Spain does not have an HIV-specific law, but people have been prosecuted or sued under both criminal and civil law in cases where HIV ‘exposure’ or transmission has been alleged. Conviction under the criminal law can result in a prison sentence and having to pay economic compensation, while under civil law, only economic compensation can result.
A 2015 analysis of Spanish cases that had reached Provincial or Supreme Courts (1996-2012) found that most cases of alleged HIV transmission had been decided through the criminal law system. (Two cases known to have been pursued using civil law are not included in the case count above). More detailed analysis of cases and trends is available in the 2015 article.
Cases have generally been prosecuted under the Criminal Code using articles related to causing injury: bodily harm (147), grievous bodily harm (149), reckless bodily harm (152), and at least one case of reckless homicide (142). Cases where it is held the defendant was aware of a high probability their actions would cause harm (dolus eventualis) have resulted in sentences comparable to those for acts done willfuly and consciously, rather than acts that are reckless or negligent.
Case law has established a number of defences to prosecution in Spain. Both use of condoms and having an undetectable viral load have been successfully used as a defence, although science has also been misinterpreted and misused in trials. Disclosure leading to consent has also been successfully used as a defence, and in April 2020, the Supreme Court upheld the decisions of two lower courts that an HIV-positive man should not be convicted of transmitting HIV because his female partner could have deduced/may have known that he had HIV, even though it was not expressly disclosed. Scientific evidence through phylogenetic analysis has also been used to acquit where it was unable to clearly show that the accused was responsible for HIV transmission to the complainant (who was HIV-positive at the time of trial).
In addition, alleged sexual transmission of HIV is known to have been used to enhance sentencing in at least three cases (not included in the count above).
The criminal law has also been used to prosecute medical hepatitis C transmission, in a complex case involving an anaesthetist accused of transmitting hepatitis C to hundreds of patients.
1. Anyone who, by any means or procedure, causes another an injury that undermines bodily integrity or physical or mental health, will be punished, as a prisoner of crime of injury with the imprisonment of three months to three years or a fine of six to twelve months, provided that the injury objectively requires for its healing. In addition to a first optional assistance, medical or surgical treatment. Simple surveillance or optional follow-up of the course of the injury will not be considered medical treatment.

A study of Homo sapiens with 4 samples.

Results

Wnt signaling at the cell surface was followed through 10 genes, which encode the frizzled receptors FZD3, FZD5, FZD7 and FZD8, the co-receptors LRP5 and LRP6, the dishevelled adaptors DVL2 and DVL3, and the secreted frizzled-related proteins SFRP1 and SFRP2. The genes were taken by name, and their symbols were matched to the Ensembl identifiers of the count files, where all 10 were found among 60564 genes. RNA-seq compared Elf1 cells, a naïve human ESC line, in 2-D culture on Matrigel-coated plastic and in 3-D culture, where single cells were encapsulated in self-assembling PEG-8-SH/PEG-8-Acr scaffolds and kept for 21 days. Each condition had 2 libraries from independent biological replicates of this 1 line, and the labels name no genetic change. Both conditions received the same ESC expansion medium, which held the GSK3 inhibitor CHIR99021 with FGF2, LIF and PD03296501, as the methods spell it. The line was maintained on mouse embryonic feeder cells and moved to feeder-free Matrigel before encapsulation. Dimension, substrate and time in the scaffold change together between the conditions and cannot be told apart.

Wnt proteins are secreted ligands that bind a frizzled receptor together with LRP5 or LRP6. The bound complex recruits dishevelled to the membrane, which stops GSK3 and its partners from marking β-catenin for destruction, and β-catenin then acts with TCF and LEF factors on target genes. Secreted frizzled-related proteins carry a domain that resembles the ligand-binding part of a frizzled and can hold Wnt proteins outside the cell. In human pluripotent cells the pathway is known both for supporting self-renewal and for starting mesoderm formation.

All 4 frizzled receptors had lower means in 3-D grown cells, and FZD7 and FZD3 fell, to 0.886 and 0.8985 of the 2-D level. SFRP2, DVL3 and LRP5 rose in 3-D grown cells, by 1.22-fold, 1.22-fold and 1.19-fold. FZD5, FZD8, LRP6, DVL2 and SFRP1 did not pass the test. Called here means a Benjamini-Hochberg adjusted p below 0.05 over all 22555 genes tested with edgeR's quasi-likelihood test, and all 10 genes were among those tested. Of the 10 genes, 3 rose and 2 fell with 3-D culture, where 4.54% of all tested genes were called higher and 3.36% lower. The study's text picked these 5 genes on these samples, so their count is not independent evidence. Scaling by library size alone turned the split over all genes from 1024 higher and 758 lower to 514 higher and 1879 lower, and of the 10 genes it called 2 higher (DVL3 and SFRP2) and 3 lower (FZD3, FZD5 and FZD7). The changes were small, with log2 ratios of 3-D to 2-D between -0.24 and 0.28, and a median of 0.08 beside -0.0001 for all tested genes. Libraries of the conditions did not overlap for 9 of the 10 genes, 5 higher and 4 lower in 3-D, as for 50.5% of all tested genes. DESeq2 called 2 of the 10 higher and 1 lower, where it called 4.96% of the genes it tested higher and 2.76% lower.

1. Whoever causes another, by any means or procedure, the loss or uselessness of an organ or principal member, or of a sense, impotence, sterility, a serious deformity, or a serious somatic or psychic illness, will be punished with the prison sentence of six to 12 years.
1. Whoever, due to serious negligence, causes any of the injuries provided for in the previous articles will be punished, in attention to the risk created and the result produced:
1. With a prison sentence of three to six months or a fine of six to eighteen months, in the case of the injuries of section 1 of article 147.
2. With a prison sentence of one to three years, in the case of the injuries of article 149.
This article quantifies and characterizes existing legal complaints for the sexual transmission of HIV in Spain, describes temporal trends and whether advance of scientific knowledge is reflected in charging decisions, judicial reasoning, and sentences.
Decision from the Supreme Court dismissing the charges of aggravated injury as the court found there was “a reasonable doubt as to the ignorance of the complainant about the health status” of her ex-partner. The decision makesit clear that it is not solely up to the defendant to prove that they disclosed their HIV-positive status, as other factors can inform a court’s judgement about whether or not a complainant knew the accused was HIV-positive. The ruling should also make it more difficult for people to pursue vexatious or ‘revenge’ cases against ex-partners.
Commentary in Spanish by Professor Miguel Angel Ramiro Avilés, Legal Clinic Coordinator at the University of Alcalá, highlighting that the Spanish Supreme Court decision (see above resource) is an important step forward in the construction of a rights-based HIV response in Spain, permitting a defence based on the principle of dubio pro reo, and the constitutional guarantee of the presumption of innocence.
Our thanks to Clínica Legal – Universidad de Alcalá and to Australian law firm Hall & Wilcox for their research assistance to confirm current relevant legislation.